Authors


Ulrike Herzschuh, Alfred Wegener Institute, Telegraphenberg A43, 14473 Potsdam, Germany.
E-mail: Ulrike.Herzschuh@awi.de

Abstract

Aim  Fossil pollen spectra from lake sediments on the Tibetan Plateau have been used for qualitative climate reconstruction, but no modern pollen–climate calibration set based on lake sediments is available to infer past climate quantitatively. This study aims to develop such a dataset and apply it to fossil data.

Location  The Tibetan Plateau, between 30 and 40° N and 87 and 103° E.

Methods  We collected surface sediments from 112 lakes and analysed them palynologically. The lakes span a wide range of mean annual precipitation (Pann; 31–1022 mm), mean annual temperature (Tann; −6.5 to 1 °C), and mean July temperature (TJuly; 2.6–19.7 °C). Redundancy analysis showed that the modern pollen spectra are characteristic of their respective vegetation types and local climate. Transfer functions for Pann, Tann and TJuly were developed with weighted averaging partial least squares. Model performance was assessed by leave-one-out cross-validation.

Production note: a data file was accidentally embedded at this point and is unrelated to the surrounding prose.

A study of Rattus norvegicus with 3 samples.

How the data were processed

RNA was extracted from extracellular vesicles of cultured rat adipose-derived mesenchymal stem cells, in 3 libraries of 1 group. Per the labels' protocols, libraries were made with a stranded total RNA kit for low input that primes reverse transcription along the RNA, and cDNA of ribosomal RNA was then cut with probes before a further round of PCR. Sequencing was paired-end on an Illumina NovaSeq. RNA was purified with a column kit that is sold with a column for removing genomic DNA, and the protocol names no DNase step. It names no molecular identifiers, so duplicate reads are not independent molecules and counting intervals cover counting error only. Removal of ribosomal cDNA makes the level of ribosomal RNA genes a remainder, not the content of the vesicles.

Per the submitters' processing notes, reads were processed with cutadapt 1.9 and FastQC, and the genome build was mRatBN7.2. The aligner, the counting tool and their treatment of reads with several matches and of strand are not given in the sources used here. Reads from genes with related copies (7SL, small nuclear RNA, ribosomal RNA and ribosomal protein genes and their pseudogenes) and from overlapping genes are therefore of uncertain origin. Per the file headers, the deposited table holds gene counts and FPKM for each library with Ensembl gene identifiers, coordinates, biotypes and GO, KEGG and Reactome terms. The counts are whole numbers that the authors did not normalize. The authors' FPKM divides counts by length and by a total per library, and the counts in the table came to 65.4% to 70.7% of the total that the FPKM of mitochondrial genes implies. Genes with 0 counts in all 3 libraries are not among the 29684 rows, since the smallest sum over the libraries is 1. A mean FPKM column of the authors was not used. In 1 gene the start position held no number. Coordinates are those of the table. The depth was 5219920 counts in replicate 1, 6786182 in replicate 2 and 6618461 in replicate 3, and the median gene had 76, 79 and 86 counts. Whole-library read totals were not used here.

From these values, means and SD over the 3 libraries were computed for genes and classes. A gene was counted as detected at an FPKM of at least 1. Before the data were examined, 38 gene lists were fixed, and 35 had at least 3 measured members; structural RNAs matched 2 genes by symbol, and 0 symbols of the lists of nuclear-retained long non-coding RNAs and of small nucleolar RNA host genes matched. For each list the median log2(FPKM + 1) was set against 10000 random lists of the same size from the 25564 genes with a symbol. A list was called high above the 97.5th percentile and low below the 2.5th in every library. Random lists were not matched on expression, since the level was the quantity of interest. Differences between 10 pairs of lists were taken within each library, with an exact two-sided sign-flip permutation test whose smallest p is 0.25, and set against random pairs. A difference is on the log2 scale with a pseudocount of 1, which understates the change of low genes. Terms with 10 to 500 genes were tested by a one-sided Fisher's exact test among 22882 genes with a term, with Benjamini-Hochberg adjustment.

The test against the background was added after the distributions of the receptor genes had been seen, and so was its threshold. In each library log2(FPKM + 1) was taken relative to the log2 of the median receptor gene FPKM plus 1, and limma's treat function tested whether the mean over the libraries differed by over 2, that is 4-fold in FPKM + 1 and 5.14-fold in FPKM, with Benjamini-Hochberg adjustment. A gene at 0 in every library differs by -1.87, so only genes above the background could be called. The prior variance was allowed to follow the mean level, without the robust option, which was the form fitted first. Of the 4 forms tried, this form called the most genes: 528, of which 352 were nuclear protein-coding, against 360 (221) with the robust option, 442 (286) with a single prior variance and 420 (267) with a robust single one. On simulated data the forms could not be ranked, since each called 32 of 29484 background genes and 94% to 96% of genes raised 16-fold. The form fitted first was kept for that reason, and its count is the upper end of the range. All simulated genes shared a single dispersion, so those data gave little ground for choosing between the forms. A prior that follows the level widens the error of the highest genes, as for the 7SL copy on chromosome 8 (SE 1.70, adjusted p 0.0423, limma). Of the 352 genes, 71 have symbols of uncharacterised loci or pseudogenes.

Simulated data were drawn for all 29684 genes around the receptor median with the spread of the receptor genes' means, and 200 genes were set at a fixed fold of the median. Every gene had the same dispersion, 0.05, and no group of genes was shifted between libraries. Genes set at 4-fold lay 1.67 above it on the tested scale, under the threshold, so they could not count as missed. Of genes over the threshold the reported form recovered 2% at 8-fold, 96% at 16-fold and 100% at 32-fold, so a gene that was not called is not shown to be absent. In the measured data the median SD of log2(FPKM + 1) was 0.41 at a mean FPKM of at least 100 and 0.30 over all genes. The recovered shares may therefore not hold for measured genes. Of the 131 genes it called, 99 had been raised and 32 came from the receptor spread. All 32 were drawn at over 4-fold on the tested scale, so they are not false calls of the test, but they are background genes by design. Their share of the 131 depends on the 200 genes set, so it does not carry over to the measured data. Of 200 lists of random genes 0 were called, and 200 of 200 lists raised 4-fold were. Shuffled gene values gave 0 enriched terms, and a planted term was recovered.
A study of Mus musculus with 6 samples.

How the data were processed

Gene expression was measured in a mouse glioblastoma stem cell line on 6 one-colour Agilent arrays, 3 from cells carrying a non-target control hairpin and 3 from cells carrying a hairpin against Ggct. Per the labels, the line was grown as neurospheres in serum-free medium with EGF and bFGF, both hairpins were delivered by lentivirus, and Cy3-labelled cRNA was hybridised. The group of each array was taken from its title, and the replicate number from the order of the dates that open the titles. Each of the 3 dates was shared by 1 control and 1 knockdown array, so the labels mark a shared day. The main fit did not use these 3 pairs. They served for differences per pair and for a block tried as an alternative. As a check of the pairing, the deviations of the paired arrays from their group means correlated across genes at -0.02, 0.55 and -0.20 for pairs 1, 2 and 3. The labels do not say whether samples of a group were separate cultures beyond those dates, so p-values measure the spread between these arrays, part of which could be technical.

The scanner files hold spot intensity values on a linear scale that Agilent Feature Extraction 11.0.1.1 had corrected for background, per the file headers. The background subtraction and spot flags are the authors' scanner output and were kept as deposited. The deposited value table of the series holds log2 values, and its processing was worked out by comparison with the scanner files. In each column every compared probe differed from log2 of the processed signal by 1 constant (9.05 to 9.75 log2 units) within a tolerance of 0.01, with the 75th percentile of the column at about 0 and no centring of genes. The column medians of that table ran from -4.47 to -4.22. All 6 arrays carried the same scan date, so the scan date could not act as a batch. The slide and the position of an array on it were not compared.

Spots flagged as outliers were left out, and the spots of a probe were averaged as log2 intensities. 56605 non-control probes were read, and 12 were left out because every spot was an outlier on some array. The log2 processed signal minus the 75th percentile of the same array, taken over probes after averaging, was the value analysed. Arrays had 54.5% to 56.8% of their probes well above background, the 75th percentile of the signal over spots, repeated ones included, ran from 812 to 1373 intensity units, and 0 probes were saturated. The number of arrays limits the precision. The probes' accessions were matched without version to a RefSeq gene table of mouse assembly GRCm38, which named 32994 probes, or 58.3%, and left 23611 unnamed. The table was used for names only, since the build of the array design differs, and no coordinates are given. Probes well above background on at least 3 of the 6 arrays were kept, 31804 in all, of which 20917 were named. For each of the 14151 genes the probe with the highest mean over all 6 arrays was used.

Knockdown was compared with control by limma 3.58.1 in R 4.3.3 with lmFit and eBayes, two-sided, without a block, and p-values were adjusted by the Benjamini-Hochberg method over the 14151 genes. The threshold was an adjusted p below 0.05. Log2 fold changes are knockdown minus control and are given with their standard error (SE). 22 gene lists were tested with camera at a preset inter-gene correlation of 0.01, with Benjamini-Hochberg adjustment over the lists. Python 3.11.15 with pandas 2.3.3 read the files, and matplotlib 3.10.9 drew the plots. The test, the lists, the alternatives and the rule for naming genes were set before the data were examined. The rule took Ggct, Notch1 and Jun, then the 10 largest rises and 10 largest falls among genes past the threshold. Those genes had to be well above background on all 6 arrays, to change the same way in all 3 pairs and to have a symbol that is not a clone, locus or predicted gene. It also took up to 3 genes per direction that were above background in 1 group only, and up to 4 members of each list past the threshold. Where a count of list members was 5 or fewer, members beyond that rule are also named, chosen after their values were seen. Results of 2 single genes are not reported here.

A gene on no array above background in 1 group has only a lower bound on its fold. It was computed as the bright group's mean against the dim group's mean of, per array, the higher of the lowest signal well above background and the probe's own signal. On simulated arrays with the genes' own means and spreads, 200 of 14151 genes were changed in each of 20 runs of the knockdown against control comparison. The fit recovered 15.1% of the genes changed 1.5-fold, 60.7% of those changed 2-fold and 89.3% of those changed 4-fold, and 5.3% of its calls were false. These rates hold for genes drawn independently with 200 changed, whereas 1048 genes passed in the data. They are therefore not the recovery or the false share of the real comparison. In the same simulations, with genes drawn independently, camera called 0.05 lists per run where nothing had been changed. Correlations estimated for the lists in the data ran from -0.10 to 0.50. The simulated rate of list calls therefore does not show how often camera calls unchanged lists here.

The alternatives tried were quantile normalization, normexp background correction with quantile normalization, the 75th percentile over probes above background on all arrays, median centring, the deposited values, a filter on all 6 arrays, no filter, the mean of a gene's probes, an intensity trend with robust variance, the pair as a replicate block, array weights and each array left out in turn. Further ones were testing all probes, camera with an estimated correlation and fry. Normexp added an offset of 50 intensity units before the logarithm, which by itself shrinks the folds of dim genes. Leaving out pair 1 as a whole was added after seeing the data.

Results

Results  The root mean square errors of prediction (RMSEP) were 104 mm (Pann), 1.18 °C (Tann) and 1.17 °C (TJuly). The RMSEPs, when expressed as percentages of the gradient sampled, were 10.6% (Pann), 15.7% (Tann) and 11.9% (TJuly). These low values indicate the good performance of our models. An application of the models to fossil pollen spectra covering the last c. 50 kyr yielded realistic results for Luanhaizi Lake in the Qilian Mountains on the north-eastern Tibetan Plateau (modern Pann 480 mm; Tann−1 °C). Tann and Pann values similar to present ones were reconstructed for late Marine Isotope Stage 3, with minimum values for the Last Glacial Maximum (c. 300 mm and 2 °C below present), and maximum values for the early Holocene (c. 70 mm and 0.5 °C greater than present).

Main conclusions  The modern pollen–climate calibration set will potentially be useful for quantitative climate reconstructions from lake-sediment pollen spectra from the Tibetan Plateau, an area of considerable climatic and biogeographical importance.